I recently purchased a copy of David Allen’s new book ‘Getting Things Done – the art of stress-free productivity’ a follow up on ‘Getting Things Done’ which Time magazine hailed as the best self-help book of a decade. The new book is rewritten from start to finish. It contains new perspectives and new data that validates his timeless admonition that ‘your head is for having ideas – not for holding them’. Allen’s premise is simple: our productivity is directly proportional to our ability to relax. Only when our minds are clear and our thoughts are organised we can achieve results and unleash our creative potential.
Over the next few articles I will outline some of Allen’s productivity advice. In this article I start with outlining his Five Steps of Mastering Workflow. The Five Steps work together as a whole to produce results.
The Five Steps are: 1) Capture what has our attention 2) Clarify what each item means and what to do about it 3) Organize the results, which presents the options we 4) Reflect on which we then choose to 5) Engage with. Allen states that most of us use this method intuitively when faced with a number of tasks. However, most people have major weaknesses in each of the five steps. And the quality of our workflow management is only as good as the weakest link.
Most of us have many things to do however, many of them are juggling around in our mind, on post-it notes or jottings on paper in different books. These are all weaknesses of Capture. All things to do must be captured in a To-Do list in one place. I suggest placing a small To Do notebook on your desk. As you remember something that you have to do – Capture it in your To Do List.
Weaknesses in Clarify include having things captured in a To Do list but not clarified exactly what they represent or decided what action, if any to take about them. I suggest To Do lists must be written in a form which states exactly what must be done e.g. Write AREA Article. To Do lists must not be one word or have vague meaning.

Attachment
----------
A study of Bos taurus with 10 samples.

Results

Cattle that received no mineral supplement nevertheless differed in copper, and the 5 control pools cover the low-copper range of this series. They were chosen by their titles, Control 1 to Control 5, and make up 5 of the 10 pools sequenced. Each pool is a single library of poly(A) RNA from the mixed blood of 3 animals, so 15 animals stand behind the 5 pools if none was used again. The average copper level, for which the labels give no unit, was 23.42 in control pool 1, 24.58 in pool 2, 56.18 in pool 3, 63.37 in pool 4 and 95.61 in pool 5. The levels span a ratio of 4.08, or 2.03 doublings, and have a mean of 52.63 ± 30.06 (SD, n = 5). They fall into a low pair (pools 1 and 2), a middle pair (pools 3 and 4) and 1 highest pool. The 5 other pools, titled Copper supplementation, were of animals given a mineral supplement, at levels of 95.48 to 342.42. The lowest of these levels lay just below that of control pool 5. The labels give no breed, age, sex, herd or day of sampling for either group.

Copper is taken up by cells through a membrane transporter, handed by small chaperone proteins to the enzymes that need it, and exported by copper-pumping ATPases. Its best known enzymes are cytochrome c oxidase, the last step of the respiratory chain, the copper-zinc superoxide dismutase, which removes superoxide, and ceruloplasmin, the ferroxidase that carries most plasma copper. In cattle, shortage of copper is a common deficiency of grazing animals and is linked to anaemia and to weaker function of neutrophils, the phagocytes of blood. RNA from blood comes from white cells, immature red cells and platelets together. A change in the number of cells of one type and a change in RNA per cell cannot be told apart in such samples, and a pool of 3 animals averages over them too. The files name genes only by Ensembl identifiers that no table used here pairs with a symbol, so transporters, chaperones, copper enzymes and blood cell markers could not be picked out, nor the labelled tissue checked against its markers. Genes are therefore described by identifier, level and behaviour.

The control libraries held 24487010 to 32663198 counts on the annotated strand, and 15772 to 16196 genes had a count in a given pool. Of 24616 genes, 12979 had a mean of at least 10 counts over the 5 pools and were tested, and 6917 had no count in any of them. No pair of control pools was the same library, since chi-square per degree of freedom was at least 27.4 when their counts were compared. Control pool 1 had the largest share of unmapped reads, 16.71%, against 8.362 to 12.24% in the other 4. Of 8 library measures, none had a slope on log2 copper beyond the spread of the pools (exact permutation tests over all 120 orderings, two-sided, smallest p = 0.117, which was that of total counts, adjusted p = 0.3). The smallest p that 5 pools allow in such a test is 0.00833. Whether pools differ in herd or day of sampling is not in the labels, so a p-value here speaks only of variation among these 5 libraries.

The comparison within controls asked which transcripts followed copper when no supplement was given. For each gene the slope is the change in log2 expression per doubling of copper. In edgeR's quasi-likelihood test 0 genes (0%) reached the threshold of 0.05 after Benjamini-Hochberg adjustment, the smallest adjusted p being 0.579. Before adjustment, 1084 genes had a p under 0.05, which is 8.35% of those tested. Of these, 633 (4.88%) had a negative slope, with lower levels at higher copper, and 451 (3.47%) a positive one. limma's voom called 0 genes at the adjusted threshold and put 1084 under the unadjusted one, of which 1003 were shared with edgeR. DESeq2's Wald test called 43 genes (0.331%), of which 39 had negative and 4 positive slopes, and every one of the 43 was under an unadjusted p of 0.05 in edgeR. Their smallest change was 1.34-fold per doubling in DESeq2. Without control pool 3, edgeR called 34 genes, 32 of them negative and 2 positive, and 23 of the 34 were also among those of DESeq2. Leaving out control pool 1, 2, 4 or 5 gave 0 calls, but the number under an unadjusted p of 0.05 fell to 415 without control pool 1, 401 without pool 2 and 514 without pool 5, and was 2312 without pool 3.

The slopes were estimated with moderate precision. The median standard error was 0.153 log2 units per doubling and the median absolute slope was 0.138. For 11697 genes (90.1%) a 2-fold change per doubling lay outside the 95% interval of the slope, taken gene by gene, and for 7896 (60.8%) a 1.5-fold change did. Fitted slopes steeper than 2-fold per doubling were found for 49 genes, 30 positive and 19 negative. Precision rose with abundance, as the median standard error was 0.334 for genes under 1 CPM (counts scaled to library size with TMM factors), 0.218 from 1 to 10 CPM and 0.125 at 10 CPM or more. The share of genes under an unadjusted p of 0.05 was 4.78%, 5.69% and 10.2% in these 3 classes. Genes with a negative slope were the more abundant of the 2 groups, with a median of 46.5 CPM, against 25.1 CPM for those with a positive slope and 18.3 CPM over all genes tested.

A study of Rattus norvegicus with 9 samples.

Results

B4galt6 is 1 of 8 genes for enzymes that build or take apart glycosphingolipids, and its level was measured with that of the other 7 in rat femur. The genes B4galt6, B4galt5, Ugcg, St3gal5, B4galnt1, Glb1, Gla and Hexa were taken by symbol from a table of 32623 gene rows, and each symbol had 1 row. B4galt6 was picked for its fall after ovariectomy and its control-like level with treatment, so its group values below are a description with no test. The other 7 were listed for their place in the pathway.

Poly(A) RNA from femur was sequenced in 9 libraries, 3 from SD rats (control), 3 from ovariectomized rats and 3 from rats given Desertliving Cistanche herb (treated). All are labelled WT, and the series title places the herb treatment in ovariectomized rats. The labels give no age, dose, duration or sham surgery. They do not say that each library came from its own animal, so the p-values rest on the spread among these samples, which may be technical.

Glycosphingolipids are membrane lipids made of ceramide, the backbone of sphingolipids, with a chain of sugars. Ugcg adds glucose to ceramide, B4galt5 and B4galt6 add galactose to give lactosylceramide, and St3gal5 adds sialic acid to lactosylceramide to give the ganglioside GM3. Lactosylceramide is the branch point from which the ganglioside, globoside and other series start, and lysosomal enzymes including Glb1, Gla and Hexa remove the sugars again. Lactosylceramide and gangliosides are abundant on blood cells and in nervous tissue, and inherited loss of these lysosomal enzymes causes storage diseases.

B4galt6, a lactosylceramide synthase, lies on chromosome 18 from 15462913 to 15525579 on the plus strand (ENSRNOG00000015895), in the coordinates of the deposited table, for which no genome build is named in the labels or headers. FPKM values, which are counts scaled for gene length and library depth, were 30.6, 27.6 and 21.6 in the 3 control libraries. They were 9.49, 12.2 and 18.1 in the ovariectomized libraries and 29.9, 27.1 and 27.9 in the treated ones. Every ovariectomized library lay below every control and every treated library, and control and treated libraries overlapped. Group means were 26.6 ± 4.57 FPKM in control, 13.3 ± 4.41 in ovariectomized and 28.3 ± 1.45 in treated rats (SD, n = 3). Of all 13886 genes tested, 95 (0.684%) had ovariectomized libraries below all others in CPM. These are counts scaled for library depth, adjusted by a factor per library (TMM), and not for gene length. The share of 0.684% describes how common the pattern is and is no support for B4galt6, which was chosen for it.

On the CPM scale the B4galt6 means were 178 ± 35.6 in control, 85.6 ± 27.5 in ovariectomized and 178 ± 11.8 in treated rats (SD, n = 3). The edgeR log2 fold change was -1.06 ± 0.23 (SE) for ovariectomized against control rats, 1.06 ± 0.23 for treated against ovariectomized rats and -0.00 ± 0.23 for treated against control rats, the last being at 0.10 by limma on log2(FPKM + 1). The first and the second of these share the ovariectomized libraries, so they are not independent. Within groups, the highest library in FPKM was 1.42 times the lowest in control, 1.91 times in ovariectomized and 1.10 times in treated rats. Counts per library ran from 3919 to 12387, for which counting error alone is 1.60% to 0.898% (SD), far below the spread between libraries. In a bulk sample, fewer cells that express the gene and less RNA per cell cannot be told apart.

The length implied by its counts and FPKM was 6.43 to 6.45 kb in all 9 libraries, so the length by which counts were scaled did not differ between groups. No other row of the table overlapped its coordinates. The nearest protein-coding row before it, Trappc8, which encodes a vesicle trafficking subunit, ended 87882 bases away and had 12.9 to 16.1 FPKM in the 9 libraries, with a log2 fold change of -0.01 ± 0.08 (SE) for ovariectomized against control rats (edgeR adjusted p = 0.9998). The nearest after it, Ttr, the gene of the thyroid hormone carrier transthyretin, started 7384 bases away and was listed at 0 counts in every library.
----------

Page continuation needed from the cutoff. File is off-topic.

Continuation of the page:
Weaknesses in Organize revolve around not having clear decisions on what action must be taken. For you to clarify the action to be carried out, you must make a decision. Take for instance you are confronted with an issue with a client – the client cannot meet the asking price. So the To Do is solve client John price issue. But you have not organized your thoughts around the issue, so you have not made a decision on what is the actual step. It remains confused in your mind, sapping your mental energy. Organize the facts and make a decision. The decision can then be entered clearly on the To Do list – Show client John another property.
We may not Reflect on the contents of our calendar consistently to keep tasks functional. We don’t look ahead at our calendars to stay current about upcoming events and deadlines and become victims of last-minute craziness.
Finally, if any of these previous links is weak, what someone is likely to choose to Engage in at any point in time may not be the best option. People have a constant nagging sense that they are not working on what they should be, that they don’t have the time for potentially critical activities.
The dynamics of these five steps need to be understood, and good techniques and tools implemented to facilitate their functioning at an optimal level. Allen recommends to separate these stages as you move through the day, concentrating on doing one at a time.
Over the next few articles I will continue to share the techniques contained in the book. In the meantime, practice your five steps, increase your productivity and so reduce your stress levels.